In these unprecedented times, it seems that the only thing we can be certain of is uncertainty. Covid-19 has affected us all in one way or another. Some have been unwell with the illness or have lost loved ones. Others have been affected by job losses or...
If you are approaching pension age, unless you are one of the increasingly few with a salary-related pension scheme, you would be wise to take professional advice before you take any irrevocable action. The decisions taken at certain points in managing your pension will affect the whole of your retired life and may also impact on how much of your estate passes to your family.
Under the current pension system, those who have 'money purchase' type schemes will typically either take an annuity or manage their own pension fund using a Self-Invested Personal Pension (SIPP).
An annuity involves swapping your fund for an income for life (or a guaranteed period) for yourself and, if you wish, your spouse. Although there are options as to length of guarantee and indexation, once the annuity is purchased it is a done deal and cannot normally be amended. Annuities can also be higher where a health condition exists which is likely to shorten one's life. The annuity rates quoted by the companies offering them vary quite a lot and a company that was highly competitive a few months ago may no longer be.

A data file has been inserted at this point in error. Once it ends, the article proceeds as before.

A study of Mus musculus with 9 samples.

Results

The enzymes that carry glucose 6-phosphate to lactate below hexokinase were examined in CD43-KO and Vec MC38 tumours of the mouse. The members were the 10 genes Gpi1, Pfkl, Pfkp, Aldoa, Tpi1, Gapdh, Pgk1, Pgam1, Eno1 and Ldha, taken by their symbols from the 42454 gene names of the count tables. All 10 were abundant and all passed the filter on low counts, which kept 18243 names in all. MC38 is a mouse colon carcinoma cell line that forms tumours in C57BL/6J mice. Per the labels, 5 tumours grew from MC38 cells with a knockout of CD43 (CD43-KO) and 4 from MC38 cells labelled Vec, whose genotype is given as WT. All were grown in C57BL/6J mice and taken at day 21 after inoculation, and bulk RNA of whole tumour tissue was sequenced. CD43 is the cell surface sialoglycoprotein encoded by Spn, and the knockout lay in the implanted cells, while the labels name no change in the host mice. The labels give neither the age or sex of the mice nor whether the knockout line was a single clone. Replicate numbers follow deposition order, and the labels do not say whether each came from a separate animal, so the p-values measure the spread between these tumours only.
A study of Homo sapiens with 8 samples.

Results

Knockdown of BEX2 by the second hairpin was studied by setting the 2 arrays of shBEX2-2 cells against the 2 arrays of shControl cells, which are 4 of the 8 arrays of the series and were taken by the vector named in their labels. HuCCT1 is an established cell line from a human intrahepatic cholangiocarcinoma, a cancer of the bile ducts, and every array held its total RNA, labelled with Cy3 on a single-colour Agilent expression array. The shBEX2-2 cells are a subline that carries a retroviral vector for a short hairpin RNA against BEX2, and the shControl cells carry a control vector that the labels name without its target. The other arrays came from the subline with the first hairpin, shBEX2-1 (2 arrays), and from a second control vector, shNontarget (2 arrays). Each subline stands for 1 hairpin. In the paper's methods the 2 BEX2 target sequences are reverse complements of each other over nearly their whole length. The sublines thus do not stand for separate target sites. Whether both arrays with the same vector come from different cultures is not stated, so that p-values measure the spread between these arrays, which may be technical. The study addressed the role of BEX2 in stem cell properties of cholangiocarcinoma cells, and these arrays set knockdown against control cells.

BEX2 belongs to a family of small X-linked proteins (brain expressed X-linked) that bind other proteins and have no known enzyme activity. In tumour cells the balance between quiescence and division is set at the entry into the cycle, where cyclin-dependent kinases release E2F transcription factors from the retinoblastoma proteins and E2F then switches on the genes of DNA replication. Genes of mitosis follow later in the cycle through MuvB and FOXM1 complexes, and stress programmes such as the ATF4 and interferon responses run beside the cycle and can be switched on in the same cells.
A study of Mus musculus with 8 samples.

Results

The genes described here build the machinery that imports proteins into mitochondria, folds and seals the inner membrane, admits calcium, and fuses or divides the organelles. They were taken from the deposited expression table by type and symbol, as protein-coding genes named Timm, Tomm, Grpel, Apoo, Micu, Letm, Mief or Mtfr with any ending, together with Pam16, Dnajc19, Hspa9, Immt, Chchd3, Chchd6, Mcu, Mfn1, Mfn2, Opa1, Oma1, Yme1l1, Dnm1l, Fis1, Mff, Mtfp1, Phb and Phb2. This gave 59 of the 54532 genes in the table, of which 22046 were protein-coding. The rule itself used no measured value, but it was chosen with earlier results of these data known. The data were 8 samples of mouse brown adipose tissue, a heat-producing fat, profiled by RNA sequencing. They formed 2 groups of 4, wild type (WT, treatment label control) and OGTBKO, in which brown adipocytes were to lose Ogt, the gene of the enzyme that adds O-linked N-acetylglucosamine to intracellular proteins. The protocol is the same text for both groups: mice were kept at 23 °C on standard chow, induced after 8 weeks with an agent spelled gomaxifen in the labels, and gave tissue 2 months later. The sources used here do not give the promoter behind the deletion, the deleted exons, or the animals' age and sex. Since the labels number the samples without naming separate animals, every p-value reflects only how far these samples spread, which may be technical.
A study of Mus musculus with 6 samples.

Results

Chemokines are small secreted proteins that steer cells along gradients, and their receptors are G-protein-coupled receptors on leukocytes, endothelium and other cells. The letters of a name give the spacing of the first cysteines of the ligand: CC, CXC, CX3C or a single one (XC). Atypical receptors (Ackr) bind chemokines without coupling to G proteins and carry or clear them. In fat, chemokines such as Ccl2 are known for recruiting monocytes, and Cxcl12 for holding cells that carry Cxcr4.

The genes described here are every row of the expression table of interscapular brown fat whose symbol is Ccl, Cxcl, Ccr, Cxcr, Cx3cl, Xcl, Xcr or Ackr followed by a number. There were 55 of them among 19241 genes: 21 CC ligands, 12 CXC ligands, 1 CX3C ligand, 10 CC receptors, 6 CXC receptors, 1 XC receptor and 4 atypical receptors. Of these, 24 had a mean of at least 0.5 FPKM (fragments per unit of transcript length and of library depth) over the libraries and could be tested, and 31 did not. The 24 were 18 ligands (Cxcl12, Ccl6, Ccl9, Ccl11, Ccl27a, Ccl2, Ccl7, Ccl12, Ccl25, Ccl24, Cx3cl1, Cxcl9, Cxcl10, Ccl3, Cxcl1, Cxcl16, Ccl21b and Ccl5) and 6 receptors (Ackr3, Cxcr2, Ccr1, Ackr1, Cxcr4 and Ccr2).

SIPPs are very flexible in comparison with annuities. They allow far more options as regards taking income or leaving the fund to grow, and include the popular 'drawdown' option, which has thus far allowed 1.5 million pension owners to access their pension pots in part. However, a SIPP will carry charges from the provider and is also likely to carry higher risk, as well as the potential for higher reward. Under a SIPP, the responsibility for managing the investments in the pension fund is passed to the pension holder.
A recent report by the Financial Conduct Authority has shown that nearly 60 per cent of people with pensions with drawdown had little idea where they were invested and 33 per cent had their entire pension in cash – which in most SIPPs means a zero rate of interest at best. The report concludes that pensioners are missing out on considerable potential income because of the amount of cash being held.